TULARE COUNTY, Calif. (KSEE/KGPE) – Early Monday morning, water started its two-day journey flowing from the Pine Flat Dam into the old Tulare Lakebed.
Water officials feel this is needed, because of all the water the dam is getting, and with more snowmelt on the way.
The water will end up downstream to farmland South of Hanford, and West of Corcoran, where the Tulare Lake used to sit.
“The Kings River has been flowing high now for the last two to three weeks with all of the storms we’ve been having,” said Randy McFarland, a consultant for the Kings River Water Association. “We haven’t had a big water year like this since ’82, ’83, and this one has the potential to be the biggest water year ever recorded or observed in modern history,” McFarland said.
McFarland is part of the team overseeing water going from Kings River into the Tulare Lake Canal, where the water will get distributed to farmland or evaporate over time.
“It gives you some idea, we’re talking about a lot of water,” McFarland said.
2.6-million-acre feet of water is expected to pass through Pine Flat Dam, and the dam can only hold about 1 million-acre feet. Normally, the water goes North to the San Joaquin River, but there’s so much water now, they have to release it to the Kings River too.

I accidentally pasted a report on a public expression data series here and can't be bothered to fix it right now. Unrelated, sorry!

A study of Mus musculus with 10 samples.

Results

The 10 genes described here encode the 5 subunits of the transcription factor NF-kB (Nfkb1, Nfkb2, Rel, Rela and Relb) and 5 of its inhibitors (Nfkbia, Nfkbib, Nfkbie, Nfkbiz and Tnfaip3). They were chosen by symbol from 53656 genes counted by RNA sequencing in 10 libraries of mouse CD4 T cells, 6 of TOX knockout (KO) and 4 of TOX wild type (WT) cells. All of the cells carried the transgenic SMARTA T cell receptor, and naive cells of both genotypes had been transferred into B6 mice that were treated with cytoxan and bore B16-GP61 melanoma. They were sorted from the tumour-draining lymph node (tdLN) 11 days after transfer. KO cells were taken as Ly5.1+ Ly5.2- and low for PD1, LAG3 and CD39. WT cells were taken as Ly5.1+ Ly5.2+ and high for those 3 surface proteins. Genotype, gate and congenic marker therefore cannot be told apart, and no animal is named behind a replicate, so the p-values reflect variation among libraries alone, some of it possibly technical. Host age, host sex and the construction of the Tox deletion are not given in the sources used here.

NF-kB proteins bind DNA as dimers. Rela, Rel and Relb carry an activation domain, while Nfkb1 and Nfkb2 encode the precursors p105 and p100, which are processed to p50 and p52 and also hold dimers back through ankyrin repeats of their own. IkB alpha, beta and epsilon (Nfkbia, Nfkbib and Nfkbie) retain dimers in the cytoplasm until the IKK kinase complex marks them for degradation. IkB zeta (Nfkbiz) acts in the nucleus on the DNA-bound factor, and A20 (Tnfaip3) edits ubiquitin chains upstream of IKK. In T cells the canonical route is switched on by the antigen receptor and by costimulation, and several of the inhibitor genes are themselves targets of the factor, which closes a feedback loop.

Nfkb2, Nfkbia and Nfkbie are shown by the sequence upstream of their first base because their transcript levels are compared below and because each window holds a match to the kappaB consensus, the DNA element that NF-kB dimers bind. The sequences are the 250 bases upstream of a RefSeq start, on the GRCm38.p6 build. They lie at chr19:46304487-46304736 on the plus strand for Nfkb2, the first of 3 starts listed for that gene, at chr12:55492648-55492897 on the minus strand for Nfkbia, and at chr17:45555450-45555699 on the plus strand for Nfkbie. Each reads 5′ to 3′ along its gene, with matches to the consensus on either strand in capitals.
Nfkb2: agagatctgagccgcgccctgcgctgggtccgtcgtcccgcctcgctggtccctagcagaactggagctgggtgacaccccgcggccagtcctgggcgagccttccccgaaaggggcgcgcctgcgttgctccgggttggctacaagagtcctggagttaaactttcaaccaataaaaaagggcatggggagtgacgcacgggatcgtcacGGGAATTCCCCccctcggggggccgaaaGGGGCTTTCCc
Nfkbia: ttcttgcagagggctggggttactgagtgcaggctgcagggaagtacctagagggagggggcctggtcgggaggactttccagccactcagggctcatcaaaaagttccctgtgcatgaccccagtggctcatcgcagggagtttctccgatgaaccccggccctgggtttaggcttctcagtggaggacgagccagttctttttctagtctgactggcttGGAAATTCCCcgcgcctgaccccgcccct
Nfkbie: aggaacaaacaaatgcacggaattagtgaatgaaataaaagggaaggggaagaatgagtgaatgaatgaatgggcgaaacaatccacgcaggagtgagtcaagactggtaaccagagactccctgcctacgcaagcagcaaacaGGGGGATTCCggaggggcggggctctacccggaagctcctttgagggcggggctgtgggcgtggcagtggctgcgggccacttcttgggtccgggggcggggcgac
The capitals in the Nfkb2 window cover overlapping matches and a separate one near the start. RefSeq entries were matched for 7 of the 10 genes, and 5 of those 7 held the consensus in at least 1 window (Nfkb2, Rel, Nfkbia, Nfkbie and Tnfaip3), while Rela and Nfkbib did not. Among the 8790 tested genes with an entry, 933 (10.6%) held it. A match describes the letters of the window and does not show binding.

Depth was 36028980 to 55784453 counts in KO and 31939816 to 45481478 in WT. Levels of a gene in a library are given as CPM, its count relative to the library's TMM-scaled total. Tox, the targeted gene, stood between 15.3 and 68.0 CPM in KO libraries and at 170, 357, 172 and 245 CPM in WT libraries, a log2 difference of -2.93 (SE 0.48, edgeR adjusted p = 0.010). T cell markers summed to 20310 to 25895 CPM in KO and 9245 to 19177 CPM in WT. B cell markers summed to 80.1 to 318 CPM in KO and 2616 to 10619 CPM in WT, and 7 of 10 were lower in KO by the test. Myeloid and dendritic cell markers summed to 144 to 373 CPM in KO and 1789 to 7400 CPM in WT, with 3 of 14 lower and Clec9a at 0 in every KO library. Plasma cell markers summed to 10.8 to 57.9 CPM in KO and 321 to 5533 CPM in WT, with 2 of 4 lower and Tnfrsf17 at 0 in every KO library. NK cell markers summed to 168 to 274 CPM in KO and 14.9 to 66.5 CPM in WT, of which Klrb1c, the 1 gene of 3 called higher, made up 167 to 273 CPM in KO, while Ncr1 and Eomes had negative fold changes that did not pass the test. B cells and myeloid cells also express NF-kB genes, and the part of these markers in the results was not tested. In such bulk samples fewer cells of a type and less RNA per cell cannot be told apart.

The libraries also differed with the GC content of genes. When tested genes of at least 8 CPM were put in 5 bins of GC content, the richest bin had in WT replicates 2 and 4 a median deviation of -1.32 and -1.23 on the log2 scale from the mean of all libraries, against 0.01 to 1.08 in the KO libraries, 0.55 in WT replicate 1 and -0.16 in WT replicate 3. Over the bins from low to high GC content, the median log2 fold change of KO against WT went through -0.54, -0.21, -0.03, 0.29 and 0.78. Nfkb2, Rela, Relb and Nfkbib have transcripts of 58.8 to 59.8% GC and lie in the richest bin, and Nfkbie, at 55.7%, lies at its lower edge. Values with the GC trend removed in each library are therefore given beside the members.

“So, the core has to make room for it and that’s what flood releases are for, and that’s what’s happening right now,” said McFarland with the Kings River right behind him.
After the water is released from the dam, it makes its way here South of Stratford on Highway 41, where it splits into three ways, the Blakeley Canal, the Kings River, and the Tulare Lake Canal.
The river is already on the rise. At the Kingsburg Golf Course, the water was already making its way into the parking lot.
“Anybody who has property along the Kings River or lives very close to the river absolutely has to be cognoscente of the danger,” McFarland said.
McFarland believes the river could rise another five feet with flood water releases. He says putting water into the old lakebed isn’t new, they’ve done it before when there is too much water and nowhere for it to go.